Thursday, July 12, 2012

Advantages and Disadvantages of Flex-scheduling


Alternative schedules can be categorized by the amount of time spent working, the time of day when work is scheduled, and the amount of employee control. Chief variations in the amount of time are part-time employment, inclduing phased retirement; emporary employment, and job sharing Variations in the timeof day include flextime, working at home, and the compressed work week.

Part-time Employment

These workers are primarily women, the very young, and older near-retirees--a diverse group with very different concerns. Large numbers of part-time jobs are in retail and service occupations. Belying old notions about productivity, perceived lack of commitment, and working for pin money, part-timers are demanding pay equity, benefits, more responsibility, and greater fulfillment. A significant number are managerial and professional workers, giving rise to the concept of career part-time employment.

Advantages of part-time work to parents and students include more time for family life or education, better child care arrangements, and off-peak commuting. Older workers can use reduced hours as a means of gradual transition to retirement. These advantages often come at the cost of lower pay, benefits, and pension; reduced career advancement; and increased vulnerability to layoffs. Employers may benefit from increased productivity, reduced absences and lateness, easier recruitment, and lower labor costs. However, they may also face opposition from unions, higher training costs, and greater administrative or supervisory workload.

Temporary Employent

For workers, temporary jobs provide scheduling freedom and variety. They may suit those caring for children or parents, retirees, people who want supplemental income but not permanent work, and those seeking permanent jobs, such as recent graduates, reentry workers, and people between jobs or relocating. Businesses use contingent workers for cost containment and staffing flexibility, without the personnel costs and administrative details, which are handled by the temporary agency. Office automation and equipment upgrading create a constant demand for sophisticated skills; using temporaries can involve less investment in training.

The most obvious problems for workers are lack of benefits, pensions, and advancement opportunities and potential difficulty with getting permanent employment. Employers concerns are lack of employee loyalty and quality control. There is also concern that temporary jobs are displacing permanent jobs, encouraging the growth of a two-tier work force in which core employees have security, benefits, pensions, and stable income and peripheral employees have none. Particularly because females, young people, and minorities predominate in the temporary work force, this trend may further limit their access to training opportunities and higher-paying jobs with benefits.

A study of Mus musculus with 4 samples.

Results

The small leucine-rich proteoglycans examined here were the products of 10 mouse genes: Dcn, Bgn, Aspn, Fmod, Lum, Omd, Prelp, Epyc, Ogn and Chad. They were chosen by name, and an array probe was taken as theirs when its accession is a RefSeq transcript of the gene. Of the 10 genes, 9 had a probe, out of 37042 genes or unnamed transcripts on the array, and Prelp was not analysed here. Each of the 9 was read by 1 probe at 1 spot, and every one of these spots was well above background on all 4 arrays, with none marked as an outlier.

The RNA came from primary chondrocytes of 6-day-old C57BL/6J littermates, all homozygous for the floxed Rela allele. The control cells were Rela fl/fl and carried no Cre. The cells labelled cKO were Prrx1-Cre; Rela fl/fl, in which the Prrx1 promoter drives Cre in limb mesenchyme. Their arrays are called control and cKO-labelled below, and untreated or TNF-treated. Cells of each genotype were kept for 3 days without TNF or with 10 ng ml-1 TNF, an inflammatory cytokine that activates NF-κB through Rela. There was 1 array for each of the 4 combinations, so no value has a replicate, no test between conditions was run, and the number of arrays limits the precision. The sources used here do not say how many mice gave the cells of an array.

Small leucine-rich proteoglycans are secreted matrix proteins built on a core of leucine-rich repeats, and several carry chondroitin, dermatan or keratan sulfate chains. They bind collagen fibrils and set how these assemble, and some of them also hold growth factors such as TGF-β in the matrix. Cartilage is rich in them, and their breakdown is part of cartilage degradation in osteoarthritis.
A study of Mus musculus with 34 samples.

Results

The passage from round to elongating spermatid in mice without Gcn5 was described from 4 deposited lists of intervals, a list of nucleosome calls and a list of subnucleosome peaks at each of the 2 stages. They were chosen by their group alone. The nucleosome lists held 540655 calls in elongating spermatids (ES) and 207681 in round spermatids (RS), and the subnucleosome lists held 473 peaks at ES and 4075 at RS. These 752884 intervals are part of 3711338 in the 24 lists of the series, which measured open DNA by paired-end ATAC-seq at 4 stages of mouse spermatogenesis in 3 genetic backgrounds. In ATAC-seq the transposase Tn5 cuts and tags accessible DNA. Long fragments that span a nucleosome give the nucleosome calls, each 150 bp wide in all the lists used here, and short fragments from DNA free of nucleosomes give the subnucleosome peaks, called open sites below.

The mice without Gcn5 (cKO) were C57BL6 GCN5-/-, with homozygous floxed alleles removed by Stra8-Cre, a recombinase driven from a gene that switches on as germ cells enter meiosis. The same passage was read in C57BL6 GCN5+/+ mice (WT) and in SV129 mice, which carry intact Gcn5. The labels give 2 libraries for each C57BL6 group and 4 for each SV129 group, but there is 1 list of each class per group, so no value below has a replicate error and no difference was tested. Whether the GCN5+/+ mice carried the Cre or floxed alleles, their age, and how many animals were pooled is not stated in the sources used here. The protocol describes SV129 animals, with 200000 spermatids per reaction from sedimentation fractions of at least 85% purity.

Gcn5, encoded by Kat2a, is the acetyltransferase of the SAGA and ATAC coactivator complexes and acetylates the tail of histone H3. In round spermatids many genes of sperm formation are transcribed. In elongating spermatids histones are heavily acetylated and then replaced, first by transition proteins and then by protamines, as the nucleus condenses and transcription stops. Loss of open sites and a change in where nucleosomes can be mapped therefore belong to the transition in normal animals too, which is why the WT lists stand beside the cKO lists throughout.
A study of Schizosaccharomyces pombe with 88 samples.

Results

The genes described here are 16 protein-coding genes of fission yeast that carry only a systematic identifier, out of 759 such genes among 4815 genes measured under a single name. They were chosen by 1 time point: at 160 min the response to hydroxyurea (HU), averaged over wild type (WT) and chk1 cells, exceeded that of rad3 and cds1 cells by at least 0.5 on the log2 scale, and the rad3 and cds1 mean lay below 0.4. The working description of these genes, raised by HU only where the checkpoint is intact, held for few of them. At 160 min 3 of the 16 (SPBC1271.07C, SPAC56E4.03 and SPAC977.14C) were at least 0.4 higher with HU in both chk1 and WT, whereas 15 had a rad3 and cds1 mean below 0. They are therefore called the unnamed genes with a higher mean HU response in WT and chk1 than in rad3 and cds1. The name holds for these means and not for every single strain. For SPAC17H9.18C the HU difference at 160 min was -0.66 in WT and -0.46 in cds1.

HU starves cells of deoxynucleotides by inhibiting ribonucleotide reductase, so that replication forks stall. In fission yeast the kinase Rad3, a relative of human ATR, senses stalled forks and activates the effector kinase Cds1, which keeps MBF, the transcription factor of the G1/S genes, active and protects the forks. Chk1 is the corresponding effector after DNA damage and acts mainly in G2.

Job Sharing

One response to the shortage of permanent, career-status part-time jobs is job sharing, typically an arrangement in which two people share one full-time job. In some cases, partners arrange to share the same job and their child care responsibilities. The success of job sharing depends on finding compatible, cooperative partners and on careful coordination between partners and with supervisors. Promoted as a way to prevent burnout, spread dull or routine tasks, balance work and nonwork responsibilities, or ease into retirement, job sharing is associated with improved morale and lower overtime, turnover, and absenteeism. It may give employers access to a larger applicant pool, a wider range of expertise and creativity, and better coverage.

On the other hand, job sharers may be faced with lower income, fewer fringe benefits, and slower advancement and tenure. There may be sensitivity to sharing credit for accomplishments, as well as negative attitudes of full-time workers. Supervisors may have to contend with difficulty in personnel evaluations, communication, coordination, scheduling, and determination of pay and benefit levels.


Flextime schedules allow variability in the starting and ending times of the work day, usually with a core time during which all employees must be present and flexible time when employees may choose times of arrival and departure. Flexibility is also enhanced if employees can vary schedules daily rather than with prior notice. Another variation is the compressed work week, usually four 10-hour days.

Unlike other options, flextime offers the most benefits to employees with the fewest costs. Higher motivation and job satisfaction have been shown to result from greater control over ones time. Commuting time is often lessened. Productivity may be enhanced by a schedule that takes advantage of an individuals biologcal clock. Employers benefit from reduced absences and lateness, lower turnover, higher morale, less overtime pay, and better use of facilities.

One of the greatest barriers to flextime is the reluctance of supervisors who may anticipate inadequate staffing and difficulties with communication, meetings, scheduling, supervision, and timekeeping. Because certain types of work are not suited to flextime, inequities may result if it is offered only to certain departments or classes of workers. Union opposition arises from the loss of overtime rights; labor legislation regarding overtime hours may constrain certain scheduling arrangements.